Voir en


A quiet revolution is under way at Prévessin

With many developments planned or under consideration, this is the decade of CERN’s Prévessin site


Storage areas of the LHC magnets on the Prévessin site seen from the air
Prévessin site seen from the air (Image: CERN)

From infrastructure projects to environmental and public engagement initiatives, the Prévessin site is a hive of activity that is set to escalate over the coming years. Some, like the construction of a new Robotics building, began in 2020. Others won’t be realised until around 2030. Sustainable modernisation takes time and money, but CERN consistently aims for a greener future for its state-of-the-art facilities. The developments at Prévessin rely on a collaboration and a continuous dialogue between sectors. The inclusion of various opinions is the key to our success. 

No fewer than 15 projects are planned or under consideration for the site. The new Robotics building is nearing completion. Its laboratories, offices and technical rooms will be open for business by October this year. The new building will bring the activities of the Controls Electronics and Mechatronics group from the Beams department (BE-CEM) together in a single location.

CERN’s new Computer Centre, a modern and energy-efficient structure that will meet the new computing needs of the community, will also be located on the Prévessin site. It is scheduled to be operational in the second half of 2023.

The new Building 777, at 9000 square metres, will provide new offices and labs for the Accelerators and Technology sector (ATS). Open spaces and conference rooms have been designed for more dynamic interaction, while the landscaping will favour outdoor working spaces and an events area. Finally, around 300 new parking spaces are planned, which will include soft mobility infrastructure, as well as a new restaurant – to everyone’s delight. Building 777 is scheduled for delivery in the second quarter of 2026. 

Buildings 904 (mostly used by the Experimental Physics (EP) department), 926 and 927 (Technology (TE) department) are also entering a consolidation phase. Waterproofing, metalworks, collective protective equipment, smoke extraction systems and downpipes – all these structures will undergo major renovation between March and November 2022.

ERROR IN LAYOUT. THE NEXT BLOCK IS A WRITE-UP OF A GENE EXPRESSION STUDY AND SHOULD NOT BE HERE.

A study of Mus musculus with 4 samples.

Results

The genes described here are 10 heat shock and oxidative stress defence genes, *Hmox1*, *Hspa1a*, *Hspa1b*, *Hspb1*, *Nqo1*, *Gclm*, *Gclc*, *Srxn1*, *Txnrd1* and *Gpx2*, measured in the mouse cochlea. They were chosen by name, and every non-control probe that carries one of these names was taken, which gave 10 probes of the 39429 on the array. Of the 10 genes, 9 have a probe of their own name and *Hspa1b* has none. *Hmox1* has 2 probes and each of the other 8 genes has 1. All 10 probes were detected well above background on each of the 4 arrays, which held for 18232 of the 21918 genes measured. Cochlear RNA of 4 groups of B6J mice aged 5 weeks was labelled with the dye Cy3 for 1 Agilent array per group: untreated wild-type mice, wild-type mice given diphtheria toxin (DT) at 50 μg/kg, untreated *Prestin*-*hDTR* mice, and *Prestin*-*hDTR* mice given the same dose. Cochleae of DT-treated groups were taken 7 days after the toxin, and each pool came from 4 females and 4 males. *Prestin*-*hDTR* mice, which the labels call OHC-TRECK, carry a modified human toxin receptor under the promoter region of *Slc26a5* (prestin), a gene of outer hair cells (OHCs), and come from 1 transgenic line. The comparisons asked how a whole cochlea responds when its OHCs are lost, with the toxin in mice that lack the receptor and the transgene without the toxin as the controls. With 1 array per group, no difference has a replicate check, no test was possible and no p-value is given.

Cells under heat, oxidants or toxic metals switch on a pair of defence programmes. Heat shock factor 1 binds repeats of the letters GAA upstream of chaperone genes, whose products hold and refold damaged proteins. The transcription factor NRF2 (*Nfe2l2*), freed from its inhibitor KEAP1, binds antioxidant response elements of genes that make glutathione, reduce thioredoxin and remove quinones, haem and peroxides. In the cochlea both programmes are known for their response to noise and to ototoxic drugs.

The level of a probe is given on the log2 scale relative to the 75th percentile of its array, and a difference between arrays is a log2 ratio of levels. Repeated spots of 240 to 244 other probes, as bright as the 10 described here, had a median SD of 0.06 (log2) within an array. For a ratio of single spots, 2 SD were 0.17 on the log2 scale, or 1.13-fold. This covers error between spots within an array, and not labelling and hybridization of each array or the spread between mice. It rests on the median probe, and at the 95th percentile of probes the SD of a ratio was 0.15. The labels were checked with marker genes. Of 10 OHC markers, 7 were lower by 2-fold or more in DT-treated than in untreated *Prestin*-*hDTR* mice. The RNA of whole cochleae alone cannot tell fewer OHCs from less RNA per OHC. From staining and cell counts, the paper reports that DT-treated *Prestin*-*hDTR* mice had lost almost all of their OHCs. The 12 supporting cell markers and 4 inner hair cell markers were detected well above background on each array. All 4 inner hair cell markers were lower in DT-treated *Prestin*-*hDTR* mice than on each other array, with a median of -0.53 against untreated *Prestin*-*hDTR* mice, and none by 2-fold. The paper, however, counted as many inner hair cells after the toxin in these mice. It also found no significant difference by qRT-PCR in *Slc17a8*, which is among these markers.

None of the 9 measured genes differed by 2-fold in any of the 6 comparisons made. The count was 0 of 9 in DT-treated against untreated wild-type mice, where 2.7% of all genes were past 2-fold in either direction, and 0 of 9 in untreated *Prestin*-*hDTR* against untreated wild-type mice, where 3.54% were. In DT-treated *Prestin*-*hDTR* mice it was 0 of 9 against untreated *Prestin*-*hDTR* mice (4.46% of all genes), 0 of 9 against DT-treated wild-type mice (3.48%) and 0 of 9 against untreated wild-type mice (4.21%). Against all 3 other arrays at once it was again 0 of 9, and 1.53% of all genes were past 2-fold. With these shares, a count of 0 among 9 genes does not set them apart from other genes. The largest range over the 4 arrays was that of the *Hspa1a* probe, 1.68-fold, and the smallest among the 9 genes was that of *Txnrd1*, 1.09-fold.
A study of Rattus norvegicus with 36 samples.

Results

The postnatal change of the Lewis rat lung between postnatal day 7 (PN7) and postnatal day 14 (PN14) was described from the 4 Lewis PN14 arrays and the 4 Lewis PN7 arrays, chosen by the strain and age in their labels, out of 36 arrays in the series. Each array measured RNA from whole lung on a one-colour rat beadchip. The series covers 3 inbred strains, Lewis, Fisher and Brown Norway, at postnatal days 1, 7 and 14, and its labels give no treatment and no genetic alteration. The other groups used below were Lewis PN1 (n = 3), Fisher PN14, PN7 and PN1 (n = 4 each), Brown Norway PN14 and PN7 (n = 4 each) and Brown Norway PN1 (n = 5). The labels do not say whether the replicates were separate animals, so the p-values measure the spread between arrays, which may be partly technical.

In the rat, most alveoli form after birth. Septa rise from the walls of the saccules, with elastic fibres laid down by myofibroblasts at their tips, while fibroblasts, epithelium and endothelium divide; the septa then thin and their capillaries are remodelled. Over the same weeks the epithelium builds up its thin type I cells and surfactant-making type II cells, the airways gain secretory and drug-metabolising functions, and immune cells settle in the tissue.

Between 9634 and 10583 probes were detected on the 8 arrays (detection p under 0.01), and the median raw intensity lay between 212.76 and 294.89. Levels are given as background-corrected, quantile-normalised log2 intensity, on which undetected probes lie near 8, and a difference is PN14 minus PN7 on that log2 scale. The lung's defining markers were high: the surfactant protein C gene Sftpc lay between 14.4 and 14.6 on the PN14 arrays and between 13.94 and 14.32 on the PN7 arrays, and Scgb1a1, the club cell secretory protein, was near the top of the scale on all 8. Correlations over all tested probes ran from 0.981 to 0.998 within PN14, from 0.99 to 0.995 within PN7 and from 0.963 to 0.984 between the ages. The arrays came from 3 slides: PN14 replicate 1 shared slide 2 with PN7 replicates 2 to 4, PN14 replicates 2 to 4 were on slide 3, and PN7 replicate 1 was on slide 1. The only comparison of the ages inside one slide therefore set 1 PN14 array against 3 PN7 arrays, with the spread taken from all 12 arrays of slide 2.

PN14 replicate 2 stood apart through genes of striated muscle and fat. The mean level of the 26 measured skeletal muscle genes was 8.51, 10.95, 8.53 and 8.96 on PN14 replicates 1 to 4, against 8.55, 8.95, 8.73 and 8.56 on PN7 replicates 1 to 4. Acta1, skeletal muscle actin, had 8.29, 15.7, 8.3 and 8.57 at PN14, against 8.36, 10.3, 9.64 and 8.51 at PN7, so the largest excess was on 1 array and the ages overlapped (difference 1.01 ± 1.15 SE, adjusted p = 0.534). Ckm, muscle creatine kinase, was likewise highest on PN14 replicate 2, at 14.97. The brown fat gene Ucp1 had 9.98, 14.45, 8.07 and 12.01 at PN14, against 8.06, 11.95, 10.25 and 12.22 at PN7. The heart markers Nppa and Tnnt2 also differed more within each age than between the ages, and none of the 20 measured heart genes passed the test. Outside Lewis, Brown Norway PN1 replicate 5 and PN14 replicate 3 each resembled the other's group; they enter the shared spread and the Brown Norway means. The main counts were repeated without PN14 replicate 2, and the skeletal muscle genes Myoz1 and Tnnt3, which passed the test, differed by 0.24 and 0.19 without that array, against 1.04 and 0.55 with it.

Prévessin’s over 7 km of beamlines and associated technical systems, in operation since the 1970s, are also earmarked for attention through the North Area (NA) consolidation project. The NA is home to a vibrant programme of physics experiments, R&D and test beam activities, with more expected in the framework of the Physics Beyond Colliders study. While some of the site’s beam facilities have already benefited from safety upgrades, the first phase of NA consolidation is scheduled to run until the end of Long Shutdown 3.

The fences enclosing the whole site will be consolidated, with landscaping improvements made where appropriate.

But the Prévessin development plans are not just about infrastructure. Mobility is an important aspect that has not been overlooked in the general planning. The importance of environmentally friendly upgrades is integral to this. The creation in 2020 of new cycle lanes encouraging soft mobility will soon be reinforced with over 50 additional bicycle parking spaces in the parking lots of Buildings 864-866 and 947. Charging stations for electric bikes and quick-plug (11-22kW) charging stations for electric vehicles are being studied, with a first pilot scheduled for the end of 2021. 

Between 2023 and 2025, the car parks at Buildings 864-865 (ATS) and Route Touschek will be completely overhauled, with rainwater network renovation, reprofiling of the base structure and a complete redesign to meet current standards and needs.

For those who favour public transport, a new bus stop for TPG line 66 is planned at the entrance of the Prévessin site.

CERN is also working on the implementation of three other projects. A new entrance to reflect more strongly the importance of the Prévessin site and improve its capacity to welcome visitors, a heat recovery plant from the computer centre to heat all the buildings of the Prévessin site from day one, limiting the operation of gas boilers to the few peak cold days of the year, and a new retention basin to protect local watercourses. All in all, there’s a great deal coming up at Prévessin, and we’ll be reporting on each of these initiatives over the coming months and years.